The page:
Even if there is a bit of hyperbole here, as we suspect, the investment by LHN-owner Community Health Network (CHS) is good news, even if tardy and if completion extends beyond December 31.

NICHE has long said that CHS-announced, unidentified projects amounting to $500 million would require front-loading–that is, most money should be spent in the first two years. That is especially true since LHN’s electronic medical record from Cerner will probably cost $120 million if all modules are purchased and installed and all employee training is accounted for. Thus, the LHN announcement amounts to a $220 million commitment (if not hard dollars spent) by New Year’s Day.

The article reports: “In a Thanksgiving message to employees, Poore said the projects include an orthopedics and sports medicine complex at Kosciusko Community Hospital, the addition of a second hybrid cath lab at Lutheran Hospital, an OP oncology addition at Dupont Hospital, NICU renovations at Lutheran and Dupont hospitals and conversion to new monitors system-wide…In addition, new hospital beds have been purchased and the remainder of the new beds will be delivered in early December. ‘Originally those items were to be delivered in 2018, 2019 and 2020. The delivery dates were moved up so all LHN hospitals should have their new beds by year end, Poore said.’”

The bottom line:
– NICHE believes this is a good first step. While $100 million is a bit vague in detail, and is about the cost of a new 100-bed hospital according to current per-bed costs, not enough construction detail was provided to account for the total. One supposes that some or most of the money involves undelivered orders or planned construction commitments.
– NICHE had complained that both bed and monitor orders needed to be made immediately and not spread over three years. LHN has announced their agreement. That is good, especially regarding the monitors, a long-time expensive and unfortunate purchase.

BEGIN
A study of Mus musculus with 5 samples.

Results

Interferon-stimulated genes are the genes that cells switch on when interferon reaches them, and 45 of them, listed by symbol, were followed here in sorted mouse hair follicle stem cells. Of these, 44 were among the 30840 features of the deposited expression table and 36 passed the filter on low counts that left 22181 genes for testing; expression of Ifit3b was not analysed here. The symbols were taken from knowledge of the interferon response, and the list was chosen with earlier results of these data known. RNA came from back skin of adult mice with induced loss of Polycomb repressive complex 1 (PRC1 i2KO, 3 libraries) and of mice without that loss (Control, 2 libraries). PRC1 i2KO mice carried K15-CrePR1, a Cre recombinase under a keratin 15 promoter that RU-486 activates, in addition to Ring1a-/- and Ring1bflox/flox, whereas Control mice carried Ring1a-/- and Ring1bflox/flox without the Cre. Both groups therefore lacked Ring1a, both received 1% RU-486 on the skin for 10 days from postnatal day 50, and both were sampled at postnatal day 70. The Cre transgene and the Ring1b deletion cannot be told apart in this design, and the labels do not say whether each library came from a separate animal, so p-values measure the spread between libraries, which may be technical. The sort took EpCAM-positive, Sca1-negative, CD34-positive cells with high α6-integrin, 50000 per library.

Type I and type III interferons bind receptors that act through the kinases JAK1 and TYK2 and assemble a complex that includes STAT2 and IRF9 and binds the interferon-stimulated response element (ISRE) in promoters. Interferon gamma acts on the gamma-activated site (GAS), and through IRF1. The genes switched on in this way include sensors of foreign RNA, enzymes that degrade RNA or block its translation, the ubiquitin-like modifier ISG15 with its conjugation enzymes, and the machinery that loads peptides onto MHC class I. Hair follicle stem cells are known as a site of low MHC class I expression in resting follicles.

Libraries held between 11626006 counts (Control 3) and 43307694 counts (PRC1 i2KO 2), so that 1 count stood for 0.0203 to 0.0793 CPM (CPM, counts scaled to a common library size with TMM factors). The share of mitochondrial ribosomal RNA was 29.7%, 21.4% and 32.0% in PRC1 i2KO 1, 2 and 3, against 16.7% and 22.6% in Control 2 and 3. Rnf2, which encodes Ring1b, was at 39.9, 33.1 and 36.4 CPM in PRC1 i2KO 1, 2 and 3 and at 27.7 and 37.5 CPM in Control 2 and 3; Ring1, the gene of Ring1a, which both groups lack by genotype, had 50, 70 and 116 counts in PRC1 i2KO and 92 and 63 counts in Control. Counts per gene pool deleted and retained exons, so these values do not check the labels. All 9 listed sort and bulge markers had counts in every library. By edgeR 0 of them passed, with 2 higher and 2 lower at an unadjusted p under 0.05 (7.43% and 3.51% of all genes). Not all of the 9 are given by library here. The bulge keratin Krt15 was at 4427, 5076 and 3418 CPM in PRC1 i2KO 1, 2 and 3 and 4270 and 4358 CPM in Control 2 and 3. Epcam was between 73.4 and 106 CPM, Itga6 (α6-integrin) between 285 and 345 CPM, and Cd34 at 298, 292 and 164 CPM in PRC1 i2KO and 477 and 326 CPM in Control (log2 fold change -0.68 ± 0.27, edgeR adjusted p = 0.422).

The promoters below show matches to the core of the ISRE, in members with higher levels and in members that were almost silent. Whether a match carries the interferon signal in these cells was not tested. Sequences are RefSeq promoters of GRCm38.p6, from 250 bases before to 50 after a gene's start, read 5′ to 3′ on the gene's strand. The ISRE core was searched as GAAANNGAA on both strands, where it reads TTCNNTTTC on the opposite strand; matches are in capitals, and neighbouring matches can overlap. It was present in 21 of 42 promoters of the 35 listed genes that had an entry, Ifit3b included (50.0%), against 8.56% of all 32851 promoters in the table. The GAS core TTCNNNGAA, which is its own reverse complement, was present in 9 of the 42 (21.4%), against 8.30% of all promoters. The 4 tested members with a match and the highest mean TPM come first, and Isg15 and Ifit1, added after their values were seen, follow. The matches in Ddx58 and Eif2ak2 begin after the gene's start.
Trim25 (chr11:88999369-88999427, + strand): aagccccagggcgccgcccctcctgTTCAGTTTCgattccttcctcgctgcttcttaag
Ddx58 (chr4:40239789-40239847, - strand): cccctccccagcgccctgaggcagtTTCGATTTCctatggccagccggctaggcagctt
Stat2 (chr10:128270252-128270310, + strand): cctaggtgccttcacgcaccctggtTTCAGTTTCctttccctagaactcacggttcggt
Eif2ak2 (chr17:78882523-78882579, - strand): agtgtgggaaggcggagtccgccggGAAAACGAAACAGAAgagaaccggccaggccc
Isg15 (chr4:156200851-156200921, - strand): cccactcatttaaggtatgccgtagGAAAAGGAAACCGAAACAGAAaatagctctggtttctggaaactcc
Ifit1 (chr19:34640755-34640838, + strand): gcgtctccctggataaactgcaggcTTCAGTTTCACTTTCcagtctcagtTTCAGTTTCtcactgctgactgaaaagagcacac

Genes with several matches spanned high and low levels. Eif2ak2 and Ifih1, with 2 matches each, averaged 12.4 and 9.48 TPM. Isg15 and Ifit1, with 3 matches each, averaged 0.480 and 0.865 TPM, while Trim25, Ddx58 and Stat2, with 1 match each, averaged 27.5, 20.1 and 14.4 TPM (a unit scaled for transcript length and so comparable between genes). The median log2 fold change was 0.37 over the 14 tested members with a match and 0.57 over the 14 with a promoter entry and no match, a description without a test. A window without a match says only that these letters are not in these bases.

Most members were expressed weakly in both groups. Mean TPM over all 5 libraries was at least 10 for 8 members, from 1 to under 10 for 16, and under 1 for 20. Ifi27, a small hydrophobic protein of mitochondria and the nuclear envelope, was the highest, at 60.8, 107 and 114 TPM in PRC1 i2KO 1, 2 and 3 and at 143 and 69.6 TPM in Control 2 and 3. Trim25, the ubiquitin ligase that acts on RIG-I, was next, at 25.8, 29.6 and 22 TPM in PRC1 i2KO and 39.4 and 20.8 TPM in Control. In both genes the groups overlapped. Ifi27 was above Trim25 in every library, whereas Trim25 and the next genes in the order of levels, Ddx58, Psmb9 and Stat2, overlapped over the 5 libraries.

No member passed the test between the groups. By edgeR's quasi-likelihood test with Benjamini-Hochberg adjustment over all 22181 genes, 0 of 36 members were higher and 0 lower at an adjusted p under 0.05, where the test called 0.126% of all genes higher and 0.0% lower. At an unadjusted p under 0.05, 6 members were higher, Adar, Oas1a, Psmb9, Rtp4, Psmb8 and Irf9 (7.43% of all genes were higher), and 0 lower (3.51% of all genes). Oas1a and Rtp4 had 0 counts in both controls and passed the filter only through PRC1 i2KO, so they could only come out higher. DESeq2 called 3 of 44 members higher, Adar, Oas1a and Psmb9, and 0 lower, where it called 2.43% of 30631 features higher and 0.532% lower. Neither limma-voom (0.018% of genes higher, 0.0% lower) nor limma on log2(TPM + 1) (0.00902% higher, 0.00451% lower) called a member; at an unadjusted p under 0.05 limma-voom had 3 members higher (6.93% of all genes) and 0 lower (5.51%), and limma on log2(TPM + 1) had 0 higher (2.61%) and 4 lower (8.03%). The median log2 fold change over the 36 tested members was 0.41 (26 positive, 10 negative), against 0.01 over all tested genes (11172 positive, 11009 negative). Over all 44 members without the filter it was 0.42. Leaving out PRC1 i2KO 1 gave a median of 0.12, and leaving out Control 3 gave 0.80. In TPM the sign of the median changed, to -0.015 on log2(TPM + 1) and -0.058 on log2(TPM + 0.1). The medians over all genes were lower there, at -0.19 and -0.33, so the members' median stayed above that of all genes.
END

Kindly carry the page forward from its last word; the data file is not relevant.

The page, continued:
– We have seen that the administrative offices have been moved to the medical office building and that the emergency department will be expanded into that space. The ED was in much need of upgrade according to patients who have called NICHE. Good for LHN.
– What remains is even more important: staff. We hope next to hear that LHN has been successful in increasing staff numbers at all levels.
– As to the remaining equipment upgrades, bets are off until replacements arrive. Nurses have continued to report equipment shortages that should be helped, if not solved, by these orders.
– The problem, as NICHE has long said, stems from changes in CHS’s fortunes when it accumulated a mountain of debt following the purchase of 71 HMA hospitals in Florida. Cutting back on expenses at LHN, in retrospect, seems in error, especially when CHS has reported to local newspapers spending only $400 million over the last decade here. It was time to catch up, and it is all-around good news that the investment is being made. NICHE is late in congratulating LHN on this Thanksgiving news, but congratulations will be earned as the total reaches $100 million.